Photo courtesy of Meaghan Anderson, Iowa State University Extension field agronomist

An extension field agronomist says rumors are flying as farmers across the Midwest report cupping in soybeans.

Meaghan Anderson with Iowa State University tells Brownfield there’s no data to support any cause for cupped beans except plant growth regulator herbicides.

“So there’s no data to support that Enlist cups Enlist soybeans, or that glufosinate or AMS (does). Or that drought stress or heat stress, or whatever stress may be doing that as well. There’s just nothing to support those theories.”

She says there is a lot of data that shows it takes very little dicamba to cup non-dicamba tolerant soybeans.

Anderson also questions some of the cupping claims on social media.

“I have seen in some cases where people have called things cupping that I would not call cupping, or that isn’t the true cupping-type symptomology.”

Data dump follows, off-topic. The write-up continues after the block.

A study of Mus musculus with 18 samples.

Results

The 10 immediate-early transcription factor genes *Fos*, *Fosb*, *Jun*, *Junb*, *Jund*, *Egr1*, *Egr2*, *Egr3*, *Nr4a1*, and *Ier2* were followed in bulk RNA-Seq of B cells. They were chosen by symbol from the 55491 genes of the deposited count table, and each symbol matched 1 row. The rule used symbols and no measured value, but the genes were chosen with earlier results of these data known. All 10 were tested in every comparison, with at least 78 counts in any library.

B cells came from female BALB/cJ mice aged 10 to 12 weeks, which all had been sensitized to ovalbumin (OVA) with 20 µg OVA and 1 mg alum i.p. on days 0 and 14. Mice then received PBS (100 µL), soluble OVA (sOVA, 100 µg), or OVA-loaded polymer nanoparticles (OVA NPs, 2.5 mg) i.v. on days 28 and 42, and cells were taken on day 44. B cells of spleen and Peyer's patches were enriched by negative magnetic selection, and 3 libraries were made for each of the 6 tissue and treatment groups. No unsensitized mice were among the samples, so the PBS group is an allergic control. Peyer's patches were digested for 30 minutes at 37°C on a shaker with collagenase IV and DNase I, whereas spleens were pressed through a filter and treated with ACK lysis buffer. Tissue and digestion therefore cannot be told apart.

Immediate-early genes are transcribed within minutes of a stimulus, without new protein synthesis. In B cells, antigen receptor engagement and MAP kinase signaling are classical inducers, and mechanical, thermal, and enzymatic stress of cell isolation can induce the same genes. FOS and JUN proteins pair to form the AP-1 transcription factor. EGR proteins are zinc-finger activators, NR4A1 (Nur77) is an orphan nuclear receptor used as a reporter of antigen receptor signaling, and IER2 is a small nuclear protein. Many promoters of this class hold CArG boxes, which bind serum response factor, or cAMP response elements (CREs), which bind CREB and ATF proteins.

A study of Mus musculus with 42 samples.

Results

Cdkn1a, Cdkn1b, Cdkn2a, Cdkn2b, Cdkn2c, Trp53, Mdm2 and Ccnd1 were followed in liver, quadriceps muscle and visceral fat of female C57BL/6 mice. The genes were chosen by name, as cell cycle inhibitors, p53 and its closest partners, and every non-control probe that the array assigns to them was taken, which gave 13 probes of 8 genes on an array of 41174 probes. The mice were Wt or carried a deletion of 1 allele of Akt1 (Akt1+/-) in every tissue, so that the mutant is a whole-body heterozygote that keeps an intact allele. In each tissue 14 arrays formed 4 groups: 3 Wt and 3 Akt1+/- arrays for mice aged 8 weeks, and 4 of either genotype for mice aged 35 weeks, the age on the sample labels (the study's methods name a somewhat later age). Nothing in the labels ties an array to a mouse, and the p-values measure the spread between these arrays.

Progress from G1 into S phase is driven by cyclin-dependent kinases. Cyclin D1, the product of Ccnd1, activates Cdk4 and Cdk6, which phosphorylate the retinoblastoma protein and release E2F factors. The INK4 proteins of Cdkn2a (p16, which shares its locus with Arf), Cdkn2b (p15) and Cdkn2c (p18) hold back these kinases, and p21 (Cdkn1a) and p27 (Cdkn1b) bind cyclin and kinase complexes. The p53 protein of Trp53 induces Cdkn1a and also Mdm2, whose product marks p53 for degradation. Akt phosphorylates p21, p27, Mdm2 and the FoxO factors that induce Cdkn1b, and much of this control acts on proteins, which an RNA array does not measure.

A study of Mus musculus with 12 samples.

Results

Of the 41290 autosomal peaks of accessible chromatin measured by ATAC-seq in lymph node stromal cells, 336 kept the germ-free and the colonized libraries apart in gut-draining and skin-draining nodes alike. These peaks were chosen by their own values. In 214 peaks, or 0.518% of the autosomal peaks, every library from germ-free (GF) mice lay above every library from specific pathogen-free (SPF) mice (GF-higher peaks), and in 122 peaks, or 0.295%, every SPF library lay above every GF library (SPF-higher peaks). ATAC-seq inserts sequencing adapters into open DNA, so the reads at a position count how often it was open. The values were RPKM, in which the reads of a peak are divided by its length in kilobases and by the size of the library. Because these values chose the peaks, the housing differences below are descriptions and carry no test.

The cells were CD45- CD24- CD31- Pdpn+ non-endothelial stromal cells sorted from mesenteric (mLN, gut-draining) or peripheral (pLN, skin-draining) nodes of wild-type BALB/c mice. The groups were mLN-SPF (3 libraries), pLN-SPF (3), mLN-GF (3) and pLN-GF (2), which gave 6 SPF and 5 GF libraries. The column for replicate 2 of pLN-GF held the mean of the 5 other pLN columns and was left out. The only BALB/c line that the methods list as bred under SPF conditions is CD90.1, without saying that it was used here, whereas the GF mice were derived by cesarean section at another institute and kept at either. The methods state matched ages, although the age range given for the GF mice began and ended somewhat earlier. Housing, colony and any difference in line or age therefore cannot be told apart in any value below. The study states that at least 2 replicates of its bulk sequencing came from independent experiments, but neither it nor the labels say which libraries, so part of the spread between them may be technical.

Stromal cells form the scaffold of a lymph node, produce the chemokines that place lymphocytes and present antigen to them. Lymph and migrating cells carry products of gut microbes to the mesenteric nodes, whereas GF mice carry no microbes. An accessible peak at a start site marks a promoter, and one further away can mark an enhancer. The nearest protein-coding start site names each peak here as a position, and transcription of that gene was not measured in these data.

She says while it’s difficult to project the yield impact of cupping, soybeans in dry conditions do take longer to bounce back.

  • So, what about cupping in E3 beans, no cupping I n Xtend beans, in the same plot, right next to each other, with no dicamba weed control applied to field?
    Is it plausible that not all Libery genes & genetics are created equal and that some genetics do not metabolize some chemistry as well as other genetics?

    • I agree. I’ve seen several instances where no dicamba was ever used in the spray equipment before and no dicamba was sprayed nearby; however, Enlist and XtendFlex are showing different responses to the glufosinate applications. Enlist is cupping and XtendFlex is not. I wonder if these platforms metabolize the glufosinate differently?

  • If it was not legal to spray dicamba products when the temp is above 85 degrees, we would not have this problem.